Kal Bhairav Temple, as is evident from the name, is dedicated to Lord Kal Bhairav, the fiercest form of Lord Shiva. The main idol in the temple features a man wearing a garland with a skull for a face. A popular belief here is that Kal Bhairava decides who stays in Varanasi, and perhaps that is why those coming to the city, first visit the temple, and those leaving stop here to take the god's permission. The entrance to the temple is narrow and one can see the deity from it. Devotees like to offer sesame oil and flowers to the deity. The inner sanctum has a back entrance but only priests can access it. There are many shops lined outside the premises in case visitors need to buy offerings for the god.
known as Monkey Temple due to the presence of a number of monkeys there. Within the compound is a kund (pond), lined by stone stairs on all sides and watch-pillars standing at each corner. The temple is an important pilgrimage site for Hindu devotees, especially during Navaratri (a Hindu festival during which the goddess is worshipped). Among the devotees, there is a popular belief that the idol of Goddess Durga came into being on its own, and the red hues of the temple are a tribute to the goddess who is associated with the colour. Many believe that the goddess protects devotees from problems.
There is another famous Durga temple in Varanasi that goes by the name of Brahmacharini Durga Temple. It is located close to the Durga Ghat (means Durga Kund) at the bank of Ganga.
Paying homage to the 6th-century Indian bhakti poet Goswami Tulsidas, the author of the epic Ramcharitramanas, the Tulsi Manas Mandir was constructed in 1964. Made with white marble, the temple is beautifully landscaped and has verses and scenes from the Ramcharitramanas engraved on its walls. Located close to the Banaras Hindu University, it has a lot of historic and cultural importance primarily because Goswami Tulsidas is credited with popularising the Indian epic Ramayan, by writing it in Awadhi, a dialect of the Hindi language, thereby making it accessible to the masses. The temple is dedicated to Lord Rama and lies in close proximity to the famous Durga temple. It houses beautiful idols of Lord Rama, Goddess Sita, Lord Lakshmana and Lord Hanuman. It also has a lovely garden.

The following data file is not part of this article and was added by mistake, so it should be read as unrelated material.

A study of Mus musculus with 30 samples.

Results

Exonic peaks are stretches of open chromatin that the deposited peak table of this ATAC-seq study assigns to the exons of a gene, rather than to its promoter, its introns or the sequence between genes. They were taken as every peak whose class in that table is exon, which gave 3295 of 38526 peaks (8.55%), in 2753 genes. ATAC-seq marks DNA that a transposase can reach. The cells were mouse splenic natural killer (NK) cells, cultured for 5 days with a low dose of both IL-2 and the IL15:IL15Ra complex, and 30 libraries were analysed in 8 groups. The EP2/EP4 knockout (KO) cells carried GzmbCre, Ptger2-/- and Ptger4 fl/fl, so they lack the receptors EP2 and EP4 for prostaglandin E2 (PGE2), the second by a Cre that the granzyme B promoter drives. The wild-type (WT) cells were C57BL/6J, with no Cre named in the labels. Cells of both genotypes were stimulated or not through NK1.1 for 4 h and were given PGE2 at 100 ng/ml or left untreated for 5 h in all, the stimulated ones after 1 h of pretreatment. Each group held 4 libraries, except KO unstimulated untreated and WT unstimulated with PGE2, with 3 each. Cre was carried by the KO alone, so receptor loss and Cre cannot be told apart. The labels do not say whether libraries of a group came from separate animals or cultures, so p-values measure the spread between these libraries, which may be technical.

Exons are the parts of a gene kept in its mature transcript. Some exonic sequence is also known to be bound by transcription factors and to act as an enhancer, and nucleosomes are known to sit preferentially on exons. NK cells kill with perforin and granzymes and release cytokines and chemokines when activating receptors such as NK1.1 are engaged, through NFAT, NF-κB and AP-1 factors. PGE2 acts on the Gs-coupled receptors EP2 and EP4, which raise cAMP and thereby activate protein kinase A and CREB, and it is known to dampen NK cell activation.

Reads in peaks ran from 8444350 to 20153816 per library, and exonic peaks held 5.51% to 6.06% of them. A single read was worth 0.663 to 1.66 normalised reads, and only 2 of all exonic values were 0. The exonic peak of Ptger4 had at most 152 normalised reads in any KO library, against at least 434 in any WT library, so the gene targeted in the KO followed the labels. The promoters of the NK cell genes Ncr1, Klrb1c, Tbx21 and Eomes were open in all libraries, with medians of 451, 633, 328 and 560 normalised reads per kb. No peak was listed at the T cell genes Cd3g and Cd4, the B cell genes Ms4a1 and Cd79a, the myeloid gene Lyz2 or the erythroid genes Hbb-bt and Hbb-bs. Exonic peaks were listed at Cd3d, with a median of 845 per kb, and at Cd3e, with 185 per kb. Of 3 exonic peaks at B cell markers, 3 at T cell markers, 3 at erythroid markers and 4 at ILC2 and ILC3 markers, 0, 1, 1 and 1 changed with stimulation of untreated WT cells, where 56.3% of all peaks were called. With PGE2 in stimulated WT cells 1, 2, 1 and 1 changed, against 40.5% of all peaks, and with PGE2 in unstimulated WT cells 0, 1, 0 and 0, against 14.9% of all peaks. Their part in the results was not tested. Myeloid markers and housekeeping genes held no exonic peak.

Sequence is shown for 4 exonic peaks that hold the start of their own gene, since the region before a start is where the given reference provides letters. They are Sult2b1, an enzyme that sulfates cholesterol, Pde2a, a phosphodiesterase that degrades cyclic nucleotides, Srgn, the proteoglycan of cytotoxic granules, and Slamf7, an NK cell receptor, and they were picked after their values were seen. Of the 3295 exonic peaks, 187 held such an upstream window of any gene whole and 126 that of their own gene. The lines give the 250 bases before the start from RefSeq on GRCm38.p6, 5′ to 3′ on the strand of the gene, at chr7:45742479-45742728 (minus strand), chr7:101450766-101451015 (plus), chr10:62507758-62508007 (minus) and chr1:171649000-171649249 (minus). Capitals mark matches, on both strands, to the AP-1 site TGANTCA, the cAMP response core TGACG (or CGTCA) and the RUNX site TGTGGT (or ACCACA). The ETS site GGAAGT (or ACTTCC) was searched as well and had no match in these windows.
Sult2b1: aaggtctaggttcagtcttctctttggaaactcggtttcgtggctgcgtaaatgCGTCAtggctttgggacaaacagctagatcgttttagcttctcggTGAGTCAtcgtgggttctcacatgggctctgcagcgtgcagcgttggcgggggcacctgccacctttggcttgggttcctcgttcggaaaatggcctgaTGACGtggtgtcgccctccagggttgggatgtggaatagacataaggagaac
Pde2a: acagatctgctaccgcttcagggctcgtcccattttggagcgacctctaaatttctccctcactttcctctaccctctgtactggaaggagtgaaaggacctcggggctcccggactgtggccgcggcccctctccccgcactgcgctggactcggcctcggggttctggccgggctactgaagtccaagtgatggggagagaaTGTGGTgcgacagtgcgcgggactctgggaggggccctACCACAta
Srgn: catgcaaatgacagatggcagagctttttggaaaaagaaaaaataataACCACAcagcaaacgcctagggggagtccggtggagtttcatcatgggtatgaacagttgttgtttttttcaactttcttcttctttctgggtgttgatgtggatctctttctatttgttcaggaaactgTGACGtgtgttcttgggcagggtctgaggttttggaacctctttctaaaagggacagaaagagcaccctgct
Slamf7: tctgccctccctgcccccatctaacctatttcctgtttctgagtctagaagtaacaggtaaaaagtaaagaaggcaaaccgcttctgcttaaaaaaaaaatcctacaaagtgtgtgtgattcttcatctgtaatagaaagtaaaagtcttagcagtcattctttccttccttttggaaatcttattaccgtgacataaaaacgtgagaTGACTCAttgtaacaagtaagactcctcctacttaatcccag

One of the oldest temples dedicated to Lord Hanuman, the Sankar Mochan Mandir is located in the southern part of the city, close to Assi Ghat and Banaras Hindu University. Founded by saint Tulsidas, the temple is very popular among devotees. The word 'sankat mochan' translates into one who helps remove sufferings. Many devotees believe that visiting this temple would put an end to their miseries. Tuesdays and Saturdays, considered as holy days, see maximum crowds who flock to the temple to worship the deity. People offer sindoor or vermilion to the idol of Lord Hanuman along with ladoos (spherical sweets). The sindoor is then put on the forehead of devotees. The temple is also the venue for several classical musical festivals, including the week-long Sankat Mochan Sangeet Samaroh, that takes place annually in April.
Dedicated to the 23rd tirthankara (saint) of the Jain religion, Parshavnath, the Parshavnath Jain Temple is located away from the city centre, at Bhelapur. Primarily managed by the Digambara sect of Jainism, the temple is a prominent pilgrimage centre for members of the Jain community. It is believed to date back to the time of Bhagawan Adinath. It is said that that the svayamvar of the daughter of the king of Kashi, Sulochana, was held here. The tirth also finds mention in Vividh Tirth Kalpa, which was written by Acharya Jinaprabhsurisvarji, a scholar, in the 14th century. The lattice work of the temple is delicate and intricate and the carvings along the walls of the structure add to its value.
Along with Banaras Hindu University, the other great seat of learning in Varanasi is the Mahatma Gandhi Kashi Vidyapeeth. The Bharat Mata Temple is located within the campus of this varsity. This unique temple, which worships no gods or goddesses except Bharat Mata (Mother India), was inaugurated by Mahatma Gandhi in 1936. The temple houses a marble statue of Bharat Mata (Mother India), which is modelled to symbolise India. Its design indicates the goddess of India for all the religious deities, leaders and freedom fighters. It also houses a marble relief geographical map of undivided India, representing plains, mountains and oceans.
The temple was constructed by Babu Shiv Prasad Gupt. It is an eight-storeyed structure with a height of about 180 ft.